Preserving dignity at the end of life

An expert in dignity therapy will visit Auckland in February to talk with health professionals and the general public about interventions that help preserve dignity at the end of life.

Canadian Professor Harvey Chochinov is recognised globally as a leader in end of life care teaching and research and is being brought to New Zealand by Mercy Hospice Auckland, The Goodfellow Unit (School of Population Health) and The School of Nursing, of the Faculty of Medical and Health Sciences, University of Auckland.

While in Auckland Professor Chochinov, Professor of Psychiatry, University of Manitoba and Director of the Manitoba Palliative Care Research Unit, Cancer Care Manitoba, Canada, will present a programme about dignity at the end of life and will teach ‘dignity therapy’, a process used to address dignity and meaning in the final weeks of life. As part of Professor Chochinov’s Auckland programme he will give a free lecture at The Rae Freedman Arts Centre, Epsom Grammar School, Silver Rd (off Gillies Ave ), Epsom on Tuesday, 5 February 2008 at 7.30 pm.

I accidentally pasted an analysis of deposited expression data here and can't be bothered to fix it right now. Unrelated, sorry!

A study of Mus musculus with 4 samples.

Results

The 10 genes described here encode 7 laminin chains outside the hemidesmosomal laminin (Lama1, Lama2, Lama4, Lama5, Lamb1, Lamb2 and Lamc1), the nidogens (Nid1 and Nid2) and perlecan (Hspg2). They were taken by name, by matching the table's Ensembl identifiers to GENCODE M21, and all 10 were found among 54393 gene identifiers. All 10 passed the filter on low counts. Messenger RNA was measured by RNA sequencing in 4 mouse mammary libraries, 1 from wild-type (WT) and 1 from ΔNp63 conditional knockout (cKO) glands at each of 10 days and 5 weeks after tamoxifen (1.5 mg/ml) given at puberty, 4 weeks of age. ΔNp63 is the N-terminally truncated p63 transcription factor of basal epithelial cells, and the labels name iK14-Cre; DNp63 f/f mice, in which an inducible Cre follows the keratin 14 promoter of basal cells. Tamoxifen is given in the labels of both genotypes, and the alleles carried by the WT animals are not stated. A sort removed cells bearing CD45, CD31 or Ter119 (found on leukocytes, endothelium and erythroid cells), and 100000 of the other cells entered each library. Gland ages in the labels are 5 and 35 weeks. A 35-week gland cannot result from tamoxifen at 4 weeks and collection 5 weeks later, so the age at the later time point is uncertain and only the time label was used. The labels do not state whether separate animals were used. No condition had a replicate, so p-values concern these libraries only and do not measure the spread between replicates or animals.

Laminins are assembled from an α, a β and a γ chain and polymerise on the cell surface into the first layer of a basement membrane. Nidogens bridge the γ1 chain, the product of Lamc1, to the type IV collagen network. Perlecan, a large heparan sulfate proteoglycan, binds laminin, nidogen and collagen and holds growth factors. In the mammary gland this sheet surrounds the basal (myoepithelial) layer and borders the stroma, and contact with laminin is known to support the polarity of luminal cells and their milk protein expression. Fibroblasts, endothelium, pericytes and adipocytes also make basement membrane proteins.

Dr Chochinov has been undertaking palliative care research since 1990 with funding support from local, provincial and national granting agencies in Canada. His work, which has been widely published, has explored various psychiatric dimensions of palliative medicine, including issues of depression, desire for death and their relationship with other prevalent sources of symptom distress among the terminally ill.

“End of life issues and the need for good palliative care are increasingly raised as public concerns,” Mercy Hospice Auckland CEO Jan Nichols says. “We feel that this open lecture offers a forum for people to hear of the possibilities that dignity focused therapies offer.

“As a hospice and education based organisation, we believe that working to achieve dignity in death is paramount for our patients, our staff and our society.

“Dr Cochinov has conducted research into subjects such as dignity psychotherapy (a novel intervention to alleviate suffering at the end of life) and has also helped to develop the Canadian Virtual Hospice, an Internet-based interactive network that will provide mutual support, exchange of information, education and consultation for the terminally ill and those caring for them. I am sure the public and those involved in palliative care here will learn much from his visit.”